Bulgaria’s coastal tourism industry may be thriving at the cost of irreplaceable environmental resources. The buildup in recent years of high-rise hotels, roads and other tourism infrastructure around the popular Sunny Beach resort along Bulgaria’s Black Sea coast has some environmental advocates concerned about the impact of development on natural resources and regional aesthetics.
Sand, a popular component of building materials, is also integral to ecosystems in the area that house rare indigenous animal and plant species. Professor Simeon Micov, who worked on the resort in its early years, recently told the BBC that a new sand quarry is being planned for the western part of Sunny Beach. “I don’t even want to think of the damage,” he said. “There are 18 rare plants here, five of which are listed in the European record of endangered species.”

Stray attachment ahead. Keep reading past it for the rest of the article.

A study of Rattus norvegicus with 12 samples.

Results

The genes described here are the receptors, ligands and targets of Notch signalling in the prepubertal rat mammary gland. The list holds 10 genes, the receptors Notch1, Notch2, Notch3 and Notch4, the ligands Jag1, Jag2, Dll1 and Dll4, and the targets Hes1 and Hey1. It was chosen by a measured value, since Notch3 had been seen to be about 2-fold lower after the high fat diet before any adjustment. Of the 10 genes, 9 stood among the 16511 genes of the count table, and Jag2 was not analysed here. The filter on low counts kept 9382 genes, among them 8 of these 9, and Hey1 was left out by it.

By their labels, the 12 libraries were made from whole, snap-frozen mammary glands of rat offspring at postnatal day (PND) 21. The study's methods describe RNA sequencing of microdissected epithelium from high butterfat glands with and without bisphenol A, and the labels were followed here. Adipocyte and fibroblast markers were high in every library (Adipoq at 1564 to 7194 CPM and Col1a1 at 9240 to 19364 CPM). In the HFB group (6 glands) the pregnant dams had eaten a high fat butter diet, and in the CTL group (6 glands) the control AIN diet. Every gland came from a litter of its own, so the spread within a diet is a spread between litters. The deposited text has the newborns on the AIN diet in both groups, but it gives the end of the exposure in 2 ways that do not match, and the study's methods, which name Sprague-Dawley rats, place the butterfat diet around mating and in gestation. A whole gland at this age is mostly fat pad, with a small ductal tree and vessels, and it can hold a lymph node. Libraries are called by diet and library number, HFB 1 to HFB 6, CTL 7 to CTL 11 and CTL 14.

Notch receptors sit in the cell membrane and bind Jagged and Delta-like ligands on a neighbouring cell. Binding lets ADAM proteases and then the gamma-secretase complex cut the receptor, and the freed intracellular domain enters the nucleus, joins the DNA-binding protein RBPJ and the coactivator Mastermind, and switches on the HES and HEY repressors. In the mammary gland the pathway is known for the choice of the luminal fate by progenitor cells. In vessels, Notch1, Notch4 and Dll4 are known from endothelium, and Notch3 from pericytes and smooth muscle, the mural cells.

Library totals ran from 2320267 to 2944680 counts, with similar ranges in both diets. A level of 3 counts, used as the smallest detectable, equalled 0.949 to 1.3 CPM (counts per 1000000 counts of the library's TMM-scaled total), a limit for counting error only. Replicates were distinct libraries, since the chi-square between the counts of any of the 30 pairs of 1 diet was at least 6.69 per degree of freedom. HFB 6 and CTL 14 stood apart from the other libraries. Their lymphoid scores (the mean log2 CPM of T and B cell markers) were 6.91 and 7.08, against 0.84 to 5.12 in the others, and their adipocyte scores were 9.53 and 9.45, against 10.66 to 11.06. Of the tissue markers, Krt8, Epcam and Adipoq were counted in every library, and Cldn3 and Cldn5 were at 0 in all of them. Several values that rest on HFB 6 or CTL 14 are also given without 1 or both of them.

Meanwhile, environmental advocates predict that new roads leading to resort areas will result in changes to animal and plant populations in the vicinity of the roads, along with erosion and increased litter and waste along major highways.
According to the BBC, there is no law in place to limit development on the Black Sea coast. Proposed legislation is being delayed (amid suggestions of corruption), and may be passed too late to protect the area from overdevelopment.
During a June meeting of the Executive Council of the World Tourism Organization, Bulgarian Prime Minister Simeon Saxe-Coburg called tourism one of the country’s top priorities. He said the number of foreign visitors to Bulgaria had increased by 50% over the last four years, in turn boosting tourism-related employment. More tourists come to Bulgaria from the rest of Europe than from any other continent, and some politicians suggest that social interaction generated by tourism will aid the country’s bid to join the European Union.